Wednesday, January 15, 2014

No I did not fall off the earth :)

But the Holidays and my dh retiring took up most of my time. I have just finished this piece for my challenge group Material Mavens. The challenge word this time was STRONG.

So this word was a bit of work in thinking it up. I went to shapes as a reference and found that the arch is one of the strongest shapes. Consequently, I chose this Double Arch Bridge which is not far from where I live. I like history and seem to find forgotten places that I take photos of, like this bridge. (my first choice was The Egg - but it seemed too "Easter")

Here's the history of the bridge:

The Double-arch Sandstone Bridge or more commonly known as the Sands Bridge, is a historic dry stone arch bridge over the Spicket River on Hampshire Road in Methuen, Massachusetts. Built without mortar between the stones, parts of it date back to 1735. It was used to handle traffic between Methuen and Salem NH.
The location: Along the old Dracut Path, was a marshy area of the Spicket River that could be forded by horse or cart. The ford eventually was bridged. The earliest town record, from the Town meeting of 1730, show a simple plank bridge was used which required regular maintenance at the cost of the township. The wooden bridge was replaced with the more durable stone arch bridge in 1835. Solid abutment supports were constructed on each river bank. A wooden frame shaped like the underside of the bridge, was constructed over the river. The stones where then set on the frame, without mortar. The bridge was filled in with rubble and dirt, which over time would compress against the abutments. The wooden frame was then removed. If constructed correctly a stone-arch bridge should last indefinitely, the Sands Bridge is not a well built bridge. Photographic evidence shows the keystone had slipped by the late nineteenth century. The bridge was used consistently until it was taken out of service in 1963 when the Spicket River was rerouted and Interstate 93 was built.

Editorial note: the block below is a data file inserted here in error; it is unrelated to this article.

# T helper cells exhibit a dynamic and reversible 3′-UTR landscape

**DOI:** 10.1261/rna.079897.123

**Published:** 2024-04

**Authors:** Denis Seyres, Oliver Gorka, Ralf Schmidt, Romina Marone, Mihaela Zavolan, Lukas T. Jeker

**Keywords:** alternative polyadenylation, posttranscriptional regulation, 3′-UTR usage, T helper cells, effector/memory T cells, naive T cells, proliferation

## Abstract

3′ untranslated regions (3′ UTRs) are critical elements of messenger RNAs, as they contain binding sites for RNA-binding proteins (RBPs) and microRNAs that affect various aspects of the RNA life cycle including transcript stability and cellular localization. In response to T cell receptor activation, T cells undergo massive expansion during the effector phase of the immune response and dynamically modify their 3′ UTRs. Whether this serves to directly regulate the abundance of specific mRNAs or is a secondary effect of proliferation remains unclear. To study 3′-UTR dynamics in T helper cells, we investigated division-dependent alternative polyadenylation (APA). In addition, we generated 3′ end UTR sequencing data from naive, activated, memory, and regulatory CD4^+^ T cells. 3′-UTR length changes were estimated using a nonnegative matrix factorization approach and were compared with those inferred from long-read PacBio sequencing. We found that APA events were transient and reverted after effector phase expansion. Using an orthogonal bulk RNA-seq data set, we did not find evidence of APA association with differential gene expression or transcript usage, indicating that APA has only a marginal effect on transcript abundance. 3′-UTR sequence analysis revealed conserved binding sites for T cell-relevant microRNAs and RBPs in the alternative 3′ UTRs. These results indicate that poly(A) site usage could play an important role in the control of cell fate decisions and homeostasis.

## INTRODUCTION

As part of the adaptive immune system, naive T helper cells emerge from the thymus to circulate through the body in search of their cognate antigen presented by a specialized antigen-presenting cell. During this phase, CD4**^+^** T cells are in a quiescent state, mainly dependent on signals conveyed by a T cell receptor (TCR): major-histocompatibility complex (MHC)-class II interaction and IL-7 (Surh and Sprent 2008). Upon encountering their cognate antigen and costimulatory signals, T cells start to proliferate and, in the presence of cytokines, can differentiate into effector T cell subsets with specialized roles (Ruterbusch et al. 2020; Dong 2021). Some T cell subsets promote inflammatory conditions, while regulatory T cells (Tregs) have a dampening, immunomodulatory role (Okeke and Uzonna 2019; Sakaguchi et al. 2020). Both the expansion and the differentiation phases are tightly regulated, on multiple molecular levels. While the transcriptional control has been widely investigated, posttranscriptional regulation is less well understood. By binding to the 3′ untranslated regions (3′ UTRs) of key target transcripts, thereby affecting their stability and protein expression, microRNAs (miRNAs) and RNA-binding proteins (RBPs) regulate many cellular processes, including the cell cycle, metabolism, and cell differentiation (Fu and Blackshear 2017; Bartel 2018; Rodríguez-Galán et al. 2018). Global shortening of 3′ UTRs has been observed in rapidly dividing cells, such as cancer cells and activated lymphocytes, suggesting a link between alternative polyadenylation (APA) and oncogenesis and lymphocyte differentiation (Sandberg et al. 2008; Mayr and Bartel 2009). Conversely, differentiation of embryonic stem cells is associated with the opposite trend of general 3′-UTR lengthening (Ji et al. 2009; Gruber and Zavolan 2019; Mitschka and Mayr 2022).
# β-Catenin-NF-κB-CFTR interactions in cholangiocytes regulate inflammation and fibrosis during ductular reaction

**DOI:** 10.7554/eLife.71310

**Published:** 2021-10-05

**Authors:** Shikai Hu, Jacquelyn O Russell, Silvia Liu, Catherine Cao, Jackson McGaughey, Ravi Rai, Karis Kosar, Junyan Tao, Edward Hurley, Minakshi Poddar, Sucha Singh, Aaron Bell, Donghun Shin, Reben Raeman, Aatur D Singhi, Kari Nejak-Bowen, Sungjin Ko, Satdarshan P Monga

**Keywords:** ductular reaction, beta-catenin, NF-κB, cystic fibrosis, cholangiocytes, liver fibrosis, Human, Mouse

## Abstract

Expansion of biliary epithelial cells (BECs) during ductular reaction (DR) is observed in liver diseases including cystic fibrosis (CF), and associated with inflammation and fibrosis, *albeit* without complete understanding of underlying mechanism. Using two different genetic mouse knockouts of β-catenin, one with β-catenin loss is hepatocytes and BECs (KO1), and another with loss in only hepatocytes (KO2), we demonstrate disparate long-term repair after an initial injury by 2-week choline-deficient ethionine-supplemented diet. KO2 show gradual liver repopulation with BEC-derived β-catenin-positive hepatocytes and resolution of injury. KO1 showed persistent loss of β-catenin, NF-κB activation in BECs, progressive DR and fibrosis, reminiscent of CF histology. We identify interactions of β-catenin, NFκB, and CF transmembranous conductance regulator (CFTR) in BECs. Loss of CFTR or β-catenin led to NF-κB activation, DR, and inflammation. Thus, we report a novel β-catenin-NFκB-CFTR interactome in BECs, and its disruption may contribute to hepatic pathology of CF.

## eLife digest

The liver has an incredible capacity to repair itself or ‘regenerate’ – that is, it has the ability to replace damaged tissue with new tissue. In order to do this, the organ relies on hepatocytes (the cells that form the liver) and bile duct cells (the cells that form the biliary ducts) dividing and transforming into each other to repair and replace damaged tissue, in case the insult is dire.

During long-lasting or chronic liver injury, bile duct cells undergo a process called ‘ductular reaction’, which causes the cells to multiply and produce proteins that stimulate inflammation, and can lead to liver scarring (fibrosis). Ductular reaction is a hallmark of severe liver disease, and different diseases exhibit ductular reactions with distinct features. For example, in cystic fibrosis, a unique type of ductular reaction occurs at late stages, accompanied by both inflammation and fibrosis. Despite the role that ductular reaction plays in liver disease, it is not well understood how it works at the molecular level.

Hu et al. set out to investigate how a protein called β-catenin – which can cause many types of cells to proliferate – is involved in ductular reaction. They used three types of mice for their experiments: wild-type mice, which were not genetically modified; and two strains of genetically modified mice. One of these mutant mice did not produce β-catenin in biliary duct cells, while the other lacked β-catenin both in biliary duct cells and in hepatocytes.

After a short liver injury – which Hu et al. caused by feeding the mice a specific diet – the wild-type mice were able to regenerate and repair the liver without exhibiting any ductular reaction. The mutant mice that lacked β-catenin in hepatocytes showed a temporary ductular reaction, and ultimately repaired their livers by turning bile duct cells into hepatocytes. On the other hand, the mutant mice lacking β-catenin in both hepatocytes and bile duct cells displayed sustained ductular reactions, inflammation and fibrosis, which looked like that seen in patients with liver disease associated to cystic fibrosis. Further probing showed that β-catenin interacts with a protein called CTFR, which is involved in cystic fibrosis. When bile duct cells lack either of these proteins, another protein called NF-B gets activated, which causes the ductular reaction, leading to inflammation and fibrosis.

It was added to the National Register of Historic Places June 20, 1984.

I started with a sketch of the bridge and then went right on to the collecting and cutting of fabric.  I thought I would need to buy some, but decides to NOT get any more fabric - I can do this!

I stitched the stones, the dry leaves are tiny cut up fabrics with a netting sewn over them. I used some Inktense Pencils to do the artsy type of swamp look for the background. The edge was turned to the back in place of a binding.
Anyway, this was done in three days - with all the goings on and holidays, etc, I just think it slipped through the cracks. BUT it is done and I am very happy with it.

Check out more creative work at Nina-Marie's Off the Wall Friday!


  1. Did you hear me say earlier this week - gosh wonder what happen to Carol?! I totally understand how life can invade your creative time! This is such a strong piece - lovely - I love the use of value. And how fun to try a bunch of artsy techniques! Don't forget to share on OFTWFri!

  2. Fascinating story and fabulous piece!!!

  3. Hello Carol,

    The whole design is strong - bold colours and clean simple lines - I love it!

    Love from England,

  4. Hi, Carol. Cool piece and the history of the bridge is fascinating--so impressive, the old craftsmanship.
    best, nadia

  5. I really like this piece, Carol -- and I particularly like the fact there's a 'back story' to it. :-) The original stone construction reminds me of the stone-on-stone walls I saw in England on a visit in 1992 -- properly done, those stone walls rarely -- if ever -- need repair, and no cement is used. Thanks for bringing that historic bridge to light in textiles.

  6. I love your piece. And the history- thanks for including is with your post. Lovely.